Citigroup, Inc.’s New CEO Compensation Plan
Citi is finally getting CEO pay plans right! After losing their shareholder “say-on-pay” vote at the 2012 Annual Meeting of Shareholders, new Chairman Michael E. O’Neill, who just took over as Chairman last April, interviewed a large number of important shareholders. He was told that paying their CEO a $6 Million Incentive based on a two-year (2011 and 2012) cumulative pre-tax profit of $12 Billion, may sound like a good deal for the shareholders, but it was fraught with problems.
To begin, the Company had 2010 pre-tax profit of approximately $12 Billion. So, the hurdle for earning the $6 Million was half of the actual earnings in 2010. Yes, the economy has made earnings difficult to produce, and yes, Citi is trying to overcome internal problems, but shareholders were unwilling to allow a hurdle rate that low. There were other problems with the design of the Plan.
Cumulative two-year pre-tax earnings ignores the fact that the bank could grow assets at a decreasing return on each dollar and meet the earnings hurdle while increasing their capital requirements significantly. Using volume of profit as a management performance measurement always has this inherent problem. In fact, increasing volume of profit can and often does result in lower returns on equity in banking. For that reason, shareholders can lose as management earns more, and a lose-win plan is never good.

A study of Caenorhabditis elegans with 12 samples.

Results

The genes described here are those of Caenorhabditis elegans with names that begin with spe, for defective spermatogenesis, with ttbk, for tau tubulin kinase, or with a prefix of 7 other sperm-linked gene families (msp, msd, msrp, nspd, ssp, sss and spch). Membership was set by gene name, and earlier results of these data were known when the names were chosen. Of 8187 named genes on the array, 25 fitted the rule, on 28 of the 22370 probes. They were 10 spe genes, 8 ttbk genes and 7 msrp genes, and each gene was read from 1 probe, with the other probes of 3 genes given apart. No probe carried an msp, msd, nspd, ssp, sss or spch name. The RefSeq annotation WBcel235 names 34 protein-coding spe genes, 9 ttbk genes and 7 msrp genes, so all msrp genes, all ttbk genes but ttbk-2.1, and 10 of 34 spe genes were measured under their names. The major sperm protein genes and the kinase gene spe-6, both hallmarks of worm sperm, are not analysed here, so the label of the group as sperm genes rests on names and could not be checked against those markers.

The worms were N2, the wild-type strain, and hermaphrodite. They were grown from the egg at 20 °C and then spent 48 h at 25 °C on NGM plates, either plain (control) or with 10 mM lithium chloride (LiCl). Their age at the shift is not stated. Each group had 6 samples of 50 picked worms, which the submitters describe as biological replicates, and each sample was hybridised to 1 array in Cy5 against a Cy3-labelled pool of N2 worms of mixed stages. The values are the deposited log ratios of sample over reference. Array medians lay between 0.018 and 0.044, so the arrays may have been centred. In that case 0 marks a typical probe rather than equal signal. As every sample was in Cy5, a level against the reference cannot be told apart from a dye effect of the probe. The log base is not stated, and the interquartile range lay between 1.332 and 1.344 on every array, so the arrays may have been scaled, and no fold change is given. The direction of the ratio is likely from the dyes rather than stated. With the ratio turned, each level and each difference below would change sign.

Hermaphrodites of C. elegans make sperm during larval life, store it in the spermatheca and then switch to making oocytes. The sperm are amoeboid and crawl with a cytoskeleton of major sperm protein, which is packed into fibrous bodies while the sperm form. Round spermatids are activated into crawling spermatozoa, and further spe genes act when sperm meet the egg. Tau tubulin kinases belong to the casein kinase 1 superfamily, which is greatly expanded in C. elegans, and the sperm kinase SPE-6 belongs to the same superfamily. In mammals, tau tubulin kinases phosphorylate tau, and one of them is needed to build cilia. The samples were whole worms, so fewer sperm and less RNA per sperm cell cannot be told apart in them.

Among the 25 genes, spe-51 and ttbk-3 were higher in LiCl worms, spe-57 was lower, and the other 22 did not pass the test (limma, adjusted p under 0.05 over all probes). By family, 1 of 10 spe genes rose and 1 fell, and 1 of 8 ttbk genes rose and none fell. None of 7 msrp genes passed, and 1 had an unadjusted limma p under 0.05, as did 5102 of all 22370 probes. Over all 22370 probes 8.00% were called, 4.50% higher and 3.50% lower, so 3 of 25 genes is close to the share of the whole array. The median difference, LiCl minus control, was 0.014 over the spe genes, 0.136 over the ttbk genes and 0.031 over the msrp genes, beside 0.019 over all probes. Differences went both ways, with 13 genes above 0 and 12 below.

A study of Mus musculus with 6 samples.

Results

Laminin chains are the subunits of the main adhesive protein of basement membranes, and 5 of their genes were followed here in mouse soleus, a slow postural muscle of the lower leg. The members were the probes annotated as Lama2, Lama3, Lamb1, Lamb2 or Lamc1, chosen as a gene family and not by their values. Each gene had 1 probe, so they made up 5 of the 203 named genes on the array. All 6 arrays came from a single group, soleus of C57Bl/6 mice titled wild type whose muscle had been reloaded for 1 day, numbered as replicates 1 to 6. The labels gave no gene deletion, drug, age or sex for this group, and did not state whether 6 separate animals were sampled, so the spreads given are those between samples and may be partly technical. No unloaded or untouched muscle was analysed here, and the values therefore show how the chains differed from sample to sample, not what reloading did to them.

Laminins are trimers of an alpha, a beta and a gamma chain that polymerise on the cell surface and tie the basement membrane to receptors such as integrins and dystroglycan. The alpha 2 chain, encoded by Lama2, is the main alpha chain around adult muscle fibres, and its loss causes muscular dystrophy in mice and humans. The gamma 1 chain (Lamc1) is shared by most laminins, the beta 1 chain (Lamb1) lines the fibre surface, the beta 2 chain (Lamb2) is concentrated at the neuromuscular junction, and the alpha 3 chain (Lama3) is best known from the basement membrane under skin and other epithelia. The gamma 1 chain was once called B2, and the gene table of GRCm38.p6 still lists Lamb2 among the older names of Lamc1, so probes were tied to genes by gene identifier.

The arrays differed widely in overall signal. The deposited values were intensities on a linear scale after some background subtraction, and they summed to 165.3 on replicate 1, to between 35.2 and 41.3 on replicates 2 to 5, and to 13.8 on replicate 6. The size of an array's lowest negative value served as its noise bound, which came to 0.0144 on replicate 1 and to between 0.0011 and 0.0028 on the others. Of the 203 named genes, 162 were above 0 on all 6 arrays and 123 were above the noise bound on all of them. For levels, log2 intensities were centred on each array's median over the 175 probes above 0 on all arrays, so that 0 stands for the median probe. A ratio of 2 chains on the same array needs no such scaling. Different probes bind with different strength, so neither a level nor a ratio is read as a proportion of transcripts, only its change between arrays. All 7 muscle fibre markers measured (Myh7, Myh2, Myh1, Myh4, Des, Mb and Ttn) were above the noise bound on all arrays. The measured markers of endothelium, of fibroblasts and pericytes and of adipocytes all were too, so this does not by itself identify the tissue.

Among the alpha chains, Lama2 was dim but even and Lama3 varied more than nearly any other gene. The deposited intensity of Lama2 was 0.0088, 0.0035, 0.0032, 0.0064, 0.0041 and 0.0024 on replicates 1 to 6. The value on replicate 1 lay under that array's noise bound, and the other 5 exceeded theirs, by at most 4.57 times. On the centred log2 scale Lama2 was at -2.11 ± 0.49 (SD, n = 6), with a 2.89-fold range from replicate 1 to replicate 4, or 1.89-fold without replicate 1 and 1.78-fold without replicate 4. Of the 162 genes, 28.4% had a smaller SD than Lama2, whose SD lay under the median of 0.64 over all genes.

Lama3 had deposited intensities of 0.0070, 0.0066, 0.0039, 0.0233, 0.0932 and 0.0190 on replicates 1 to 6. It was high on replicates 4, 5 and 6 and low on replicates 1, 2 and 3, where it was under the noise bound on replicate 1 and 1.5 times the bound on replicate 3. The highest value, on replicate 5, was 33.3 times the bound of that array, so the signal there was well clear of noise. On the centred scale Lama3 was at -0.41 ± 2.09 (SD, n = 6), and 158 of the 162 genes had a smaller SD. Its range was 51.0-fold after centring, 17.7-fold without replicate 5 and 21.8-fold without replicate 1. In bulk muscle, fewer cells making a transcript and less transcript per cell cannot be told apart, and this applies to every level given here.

Finally, building on the last point, there is no clear link between shareholder returns and management pay in the Plan Citi was using. A common objective of executive compensation plans is to align the interests of management with those of the shareholders. The old Citigroup, Inc. Plan did the opposite to some degree. The Board of Citigroup consists of intelligent and successful people, but they got some bad advice along the way. After Chairman O’Neill spoke with shareholders, he tasked the Board’s Compensation Committee to redesign the CEO’s Compensation Plan to address the shareholders’ concerns. He was not about to get a negative “say-on-pay” vote after his first year as Chairman.
Now, in my many years of studying and designing executive compensation plans, I have yet to see the perfect plan. It just does not exist. Business is too complex to allow for such a thing, and the need to keep the plan as simple as possible is an important constraint. Yet, the new Citigroup, Inc. Management Compensation Plan addresses shareholder concerns with an elegantly simple design.
Executives will be granted units worth a certain amount in three years if certain performance is achieved. Citigroup stock must perform in the top three-quarters of a carefully selected peer group of stocks of similar companies, and Citigroup’s Return on Average Assets over the three years must beat a hurdle equal to the previous year’s actual or there will be no units rewarded. Furthermore, if the Return on Average Assets over the three years is better than the previous year by a significant percentage, then a target number of additional units will be awarded.
This design is superior to the old design because it clearly:
- aligns management’s interests with those of the shareholders and
- it is tied to relative performance compared with peers as well as the Company’s strategic goals.
There are some potential draw backs to such a plan, but the new plan is so much better than the old plan, I will not spend words on the risks in this particular blog. Perhaps in the future, we can look at some of the potential flaws. In the meantime, I say congratulations to Mr. O’Neill. I may go buy some Citigroup stock!